The sociable weaver (Philetairus socius), also commonly known as the common social weaver, common social-weaver, and social weaver, meeasures around 14 cm (5.5 in) in length. The sociable weaver has a black chin, black barred flanks and a scalloped back. They weigh 26-32 g (0.92-1.13 oz), and sexes are indistinguishable.

Habitat and Distribution

The species ranges across northwestern South Africa, southwest Botswana and extending northwards across Namibia.[8] It is strongly associated with the arid savannahs characteristic of the southern Kalahari region. The presence of stiff grasses such as Aristida ciliata and Stipagrostis, an important nesting material is an important determinant of its distribution. The taller grasses and the fire-prone nature of the Northern and Central Kalahari regions may be a factor for the absence of the bird in those regions. The area is semi-arid with low and unpredictable rainfall occurring mostly in the summer.


The sociable weaver is insectivorous with insects comprising 80% of their diet. As an adaptation to living in the dry Kalahari Desert, where standing water is scarce, the sociable weaver obtains all of its water from a diet of insects. They also feed on seed and other plant products. Foraging is predominantly on the ground, but also on bark and leaves of trees.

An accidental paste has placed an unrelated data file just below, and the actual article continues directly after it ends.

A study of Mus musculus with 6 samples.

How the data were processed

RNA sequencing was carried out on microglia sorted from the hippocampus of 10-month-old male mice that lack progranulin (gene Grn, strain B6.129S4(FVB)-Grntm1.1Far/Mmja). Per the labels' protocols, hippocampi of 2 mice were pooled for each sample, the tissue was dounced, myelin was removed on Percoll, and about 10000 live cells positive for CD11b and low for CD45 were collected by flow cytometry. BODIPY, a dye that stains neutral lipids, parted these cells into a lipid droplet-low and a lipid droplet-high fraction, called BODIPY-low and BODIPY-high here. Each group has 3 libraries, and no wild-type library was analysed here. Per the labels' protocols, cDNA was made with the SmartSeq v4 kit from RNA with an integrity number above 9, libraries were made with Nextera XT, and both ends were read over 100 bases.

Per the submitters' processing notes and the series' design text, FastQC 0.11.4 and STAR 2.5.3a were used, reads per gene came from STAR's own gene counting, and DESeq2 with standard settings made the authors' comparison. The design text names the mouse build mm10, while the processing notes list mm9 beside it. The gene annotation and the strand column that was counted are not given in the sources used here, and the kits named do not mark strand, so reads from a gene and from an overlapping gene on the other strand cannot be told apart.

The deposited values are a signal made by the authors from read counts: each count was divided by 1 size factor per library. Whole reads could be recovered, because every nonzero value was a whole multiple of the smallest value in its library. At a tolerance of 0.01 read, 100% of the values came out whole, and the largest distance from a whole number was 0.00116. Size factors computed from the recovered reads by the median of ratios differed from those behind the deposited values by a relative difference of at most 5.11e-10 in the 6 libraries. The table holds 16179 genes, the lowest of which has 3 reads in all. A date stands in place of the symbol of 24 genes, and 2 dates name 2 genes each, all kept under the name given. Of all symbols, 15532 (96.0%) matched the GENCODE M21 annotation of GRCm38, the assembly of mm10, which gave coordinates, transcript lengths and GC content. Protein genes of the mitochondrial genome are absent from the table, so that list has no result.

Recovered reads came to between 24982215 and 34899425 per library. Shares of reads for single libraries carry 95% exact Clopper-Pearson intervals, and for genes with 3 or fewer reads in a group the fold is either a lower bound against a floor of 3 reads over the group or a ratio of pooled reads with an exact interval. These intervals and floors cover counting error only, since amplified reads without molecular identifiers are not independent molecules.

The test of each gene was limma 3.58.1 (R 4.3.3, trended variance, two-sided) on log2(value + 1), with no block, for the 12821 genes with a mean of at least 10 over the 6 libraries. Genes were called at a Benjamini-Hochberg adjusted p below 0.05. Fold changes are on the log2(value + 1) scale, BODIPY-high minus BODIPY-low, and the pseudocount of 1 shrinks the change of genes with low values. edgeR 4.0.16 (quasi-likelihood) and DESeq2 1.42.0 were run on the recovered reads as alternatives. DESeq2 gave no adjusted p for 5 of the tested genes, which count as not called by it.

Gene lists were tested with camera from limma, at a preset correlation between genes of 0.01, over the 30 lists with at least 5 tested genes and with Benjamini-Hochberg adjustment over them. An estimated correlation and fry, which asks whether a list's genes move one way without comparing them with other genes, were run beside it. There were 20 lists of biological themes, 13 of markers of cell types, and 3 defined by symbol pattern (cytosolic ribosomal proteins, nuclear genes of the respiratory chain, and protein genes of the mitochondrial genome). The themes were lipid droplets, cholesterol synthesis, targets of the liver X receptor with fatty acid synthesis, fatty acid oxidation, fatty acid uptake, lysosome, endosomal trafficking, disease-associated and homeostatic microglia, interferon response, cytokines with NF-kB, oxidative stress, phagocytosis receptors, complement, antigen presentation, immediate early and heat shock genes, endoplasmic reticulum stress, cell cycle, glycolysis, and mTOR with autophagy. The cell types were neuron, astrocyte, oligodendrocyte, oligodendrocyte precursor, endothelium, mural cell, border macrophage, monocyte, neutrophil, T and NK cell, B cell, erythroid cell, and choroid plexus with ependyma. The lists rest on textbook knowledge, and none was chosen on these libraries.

In the southern range of the weaver's habitat, breeding may occur any time of the year and is closely linked to rainfall. In the northern range, discrete breeding season between December to August has been noted. They may skip breeding during years when there is low rainfall and a substantial number (sometimes over half) of birds in the colony may never breed in a given season. Under typical conditions, weavers raise up to four broods per breeding cycle. Sociable weavers are known to assist in the care of younger siblings and unrelated hatchlings and nearly all pairs are assisted by helpers. A mating pair has been recorded as producing nine broods in a single season in response to repeated predation of its young. Unlike northern temperate passerine birds which commence breeding within the first year of life, sociable weavers exhibit delayed onset of breeding, sometimes up to two years of age. Sociable weavers construct permanent nests on trees and other tall objects. These nests are the largest built by any bird, and are large enough to house over a hundred pairs of birds, containing several generations at a time. The nests are highly structured and provide birds with a more advantageous temperature relative to the outside. Nests built in electricity poles sometimes cause short circuits in the rainy season and can catch fire in the dry season.